Teenage smoking has become a serious problem across the entire US and lawmakers are attempting to shield our vulnerable youth from the aggressive marketing strategies of big tobacco companies. California is one of the states constantly battling tobacco use and on Thursday, state Senator Ed Hernandez decided to make a bold move by introducing a bill that would increase the minimum smoking age statewide from 18 to 21 years of age.
He hopes that such legislature would hinder the use of tobacco products especially among impressionable teenagers. During a statement made on Friday, the senator highlighted the fact that tobacco companies are well aware of the fact that they are gaining lifetime consumers when marketing their product to America’s youth. In fact, the likelihood of becoming addicted to smoking is that much higher if smokers take up the habit at tender ages. The senator added that Californians can no longer afford to passively watch as their children and teenagers become addicted to products that will end up costing them their lives.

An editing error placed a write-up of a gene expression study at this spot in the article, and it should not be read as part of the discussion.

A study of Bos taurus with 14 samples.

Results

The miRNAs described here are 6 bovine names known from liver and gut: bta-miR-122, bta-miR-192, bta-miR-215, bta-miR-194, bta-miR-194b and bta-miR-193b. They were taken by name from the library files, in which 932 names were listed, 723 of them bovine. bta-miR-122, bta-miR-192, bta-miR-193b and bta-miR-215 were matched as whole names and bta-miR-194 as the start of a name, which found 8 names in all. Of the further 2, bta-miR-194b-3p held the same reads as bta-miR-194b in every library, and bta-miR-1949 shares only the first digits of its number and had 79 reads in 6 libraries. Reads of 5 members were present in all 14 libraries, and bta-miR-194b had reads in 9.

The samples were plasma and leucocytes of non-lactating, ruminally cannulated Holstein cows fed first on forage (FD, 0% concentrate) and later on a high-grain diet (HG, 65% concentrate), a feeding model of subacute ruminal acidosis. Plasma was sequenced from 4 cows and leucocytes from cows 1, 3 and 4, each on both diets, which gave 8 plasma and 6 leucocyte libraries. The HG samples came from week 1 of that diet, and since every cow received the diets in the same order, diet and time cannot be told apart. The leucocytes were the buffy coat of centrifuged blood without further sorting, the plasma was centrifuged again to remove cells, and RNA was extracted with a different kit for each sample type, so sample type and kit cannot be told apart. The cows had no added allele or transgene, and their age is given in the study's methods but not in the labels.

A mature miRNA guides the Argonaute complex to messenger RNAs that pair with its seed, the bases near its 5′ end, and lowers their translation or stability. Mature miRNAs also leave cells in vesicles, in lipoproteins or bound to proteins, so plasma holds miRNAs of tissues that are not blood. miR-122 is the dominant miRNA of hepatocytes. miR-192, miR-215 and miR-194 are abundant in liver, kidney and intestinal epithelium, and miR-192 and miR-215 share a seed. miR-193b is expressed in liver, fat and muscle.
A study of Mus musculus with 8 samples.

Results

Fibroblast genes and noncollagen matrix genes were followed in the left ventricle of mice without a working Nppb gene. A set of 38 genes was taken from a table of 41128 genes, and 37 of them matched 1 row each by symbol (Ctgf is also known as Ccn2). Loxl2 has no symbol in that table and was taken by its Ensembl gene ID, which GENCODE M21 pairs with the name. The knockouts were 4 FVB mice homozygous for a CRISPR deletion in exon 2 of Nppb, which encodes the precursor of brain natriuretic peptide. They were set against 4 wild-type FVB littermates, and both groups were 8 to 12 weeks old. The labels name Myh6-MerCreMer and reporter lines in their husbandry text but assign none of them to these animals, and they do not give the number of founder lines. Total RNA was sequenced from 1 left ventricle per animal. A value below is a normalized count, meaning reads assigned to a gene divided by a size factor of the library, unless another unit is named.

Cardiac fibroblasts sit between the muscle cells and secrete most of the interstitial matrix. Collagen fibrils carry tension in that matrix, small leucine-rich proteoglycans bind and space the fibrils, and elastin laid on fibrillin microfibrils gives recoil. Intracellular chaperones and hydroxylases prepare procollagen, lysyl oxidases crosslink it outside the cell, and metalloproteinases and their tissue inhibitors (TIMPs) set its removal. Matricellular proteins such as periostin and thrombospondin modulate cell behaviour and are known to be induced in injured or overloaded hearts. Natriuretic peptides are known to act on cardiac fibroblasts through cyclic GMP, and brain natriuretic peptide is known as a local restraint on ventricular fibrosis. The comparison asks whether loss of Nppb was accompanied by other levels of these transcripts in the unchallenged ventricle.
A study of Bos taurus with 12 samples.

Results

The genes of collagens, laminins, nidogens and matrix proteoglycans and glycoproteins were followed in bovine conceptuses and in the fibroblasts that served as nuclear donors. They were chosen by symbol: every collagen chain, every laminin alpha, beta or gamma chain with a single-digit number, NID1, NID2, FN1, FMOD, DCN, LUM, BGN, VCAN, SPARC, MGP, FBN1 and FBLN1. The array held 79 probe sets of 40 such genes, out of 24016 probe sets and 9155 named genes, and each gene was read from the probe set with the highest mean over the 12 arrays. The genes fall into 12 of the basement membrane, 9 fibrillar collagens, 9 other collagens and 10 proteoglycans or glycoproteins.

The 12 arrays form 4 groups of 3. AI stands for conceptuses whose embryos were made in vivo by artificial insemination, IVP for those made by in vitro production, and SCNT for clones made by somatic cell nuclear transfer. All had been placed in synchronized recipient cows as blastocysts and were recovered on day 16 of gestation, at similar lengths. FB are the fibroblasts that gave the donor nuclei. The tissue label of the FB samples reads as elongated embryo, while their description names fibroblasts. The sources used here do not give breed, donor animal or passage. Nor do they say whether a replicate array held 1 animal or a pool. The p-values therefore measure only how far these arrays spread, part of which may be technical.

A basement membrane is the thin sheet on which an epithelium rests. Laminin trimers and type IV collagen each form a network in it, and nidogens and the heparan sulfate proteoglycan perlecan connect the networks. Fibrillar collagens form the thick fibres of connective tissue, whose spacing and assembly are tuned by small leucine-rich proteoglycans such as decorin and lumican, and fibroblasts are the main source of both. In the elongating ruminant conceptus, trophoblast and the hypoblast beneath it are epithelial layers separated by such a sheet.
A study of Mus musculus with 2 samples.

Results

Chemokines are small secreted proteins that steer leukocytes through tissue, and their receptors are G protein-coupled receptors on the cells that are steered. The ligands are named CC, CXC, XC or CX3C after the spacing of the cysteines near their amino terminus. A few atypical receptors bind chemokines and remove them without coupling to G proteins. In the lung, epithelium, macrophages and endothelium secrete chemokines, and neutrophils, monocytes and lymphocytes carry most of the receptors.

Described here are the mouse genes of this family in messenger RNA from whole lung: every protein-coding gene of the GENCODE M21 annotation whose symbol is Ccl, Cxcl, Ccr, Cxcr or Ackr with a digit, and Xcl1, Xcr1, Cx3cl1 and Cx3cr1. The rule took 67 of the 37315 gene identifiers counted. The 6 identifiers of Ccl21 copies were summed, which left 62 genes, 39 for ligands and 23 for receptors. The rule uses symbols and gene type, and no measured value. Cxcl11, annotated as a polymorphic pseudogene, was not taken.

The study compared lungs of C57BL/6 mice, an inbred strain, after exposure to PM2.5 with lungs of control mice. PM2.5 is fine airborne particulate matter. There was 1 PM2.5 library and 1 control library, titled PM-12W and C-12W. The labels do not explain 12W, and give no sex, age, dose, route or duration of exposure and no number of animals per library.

Statistics on the matter are startling to say the least. The American Lung Association revealed that approximately 40,000 people die yearly because of smoking-related diseases. But what is more worrisome is that, in California alone, approximately 36,000 kids take up smoking each year.
These are indeed gruesome figures and lawmakers are hell-bent on making sure that access to tobacco is limited in the case of teenagers.
Nowadays, over 22,000 municipalities enforce smoke-free laws that apply to restaurants, bars, non-hospitality workplaces and combinations of these three. Yet California was at the forefront of these endeavors. Back in 1990, the Golden State was the pioneer of the anti-smoking movement as San Luis Obispo passed the first law banning any type of indoor smoking.
As anyone would expect, the tobacco industry greatly opposes such legislature, insisting that the state should leave such matters in the hands of the FDA. Currently, the Food and Drug Administration is conducting a study via the Institute of Medicine in order to determine whether there is scientific evidence that would support raising the minimum age required for smoking to 21. The results of the study are going to be presented to Congress.
Smokers’ rights groups have also criticized the initiative of the California Senator, insisting that 18 marks the beginning of adulthood, when people should be allowed to decide on how they want to live their lives.
Yet the question remains: if smoking is responsible for as many as 70% of lung cancer cases and lung cancer represents the number one killer among all types of cancer, are we really doing enough to try and put a stop to the addiction?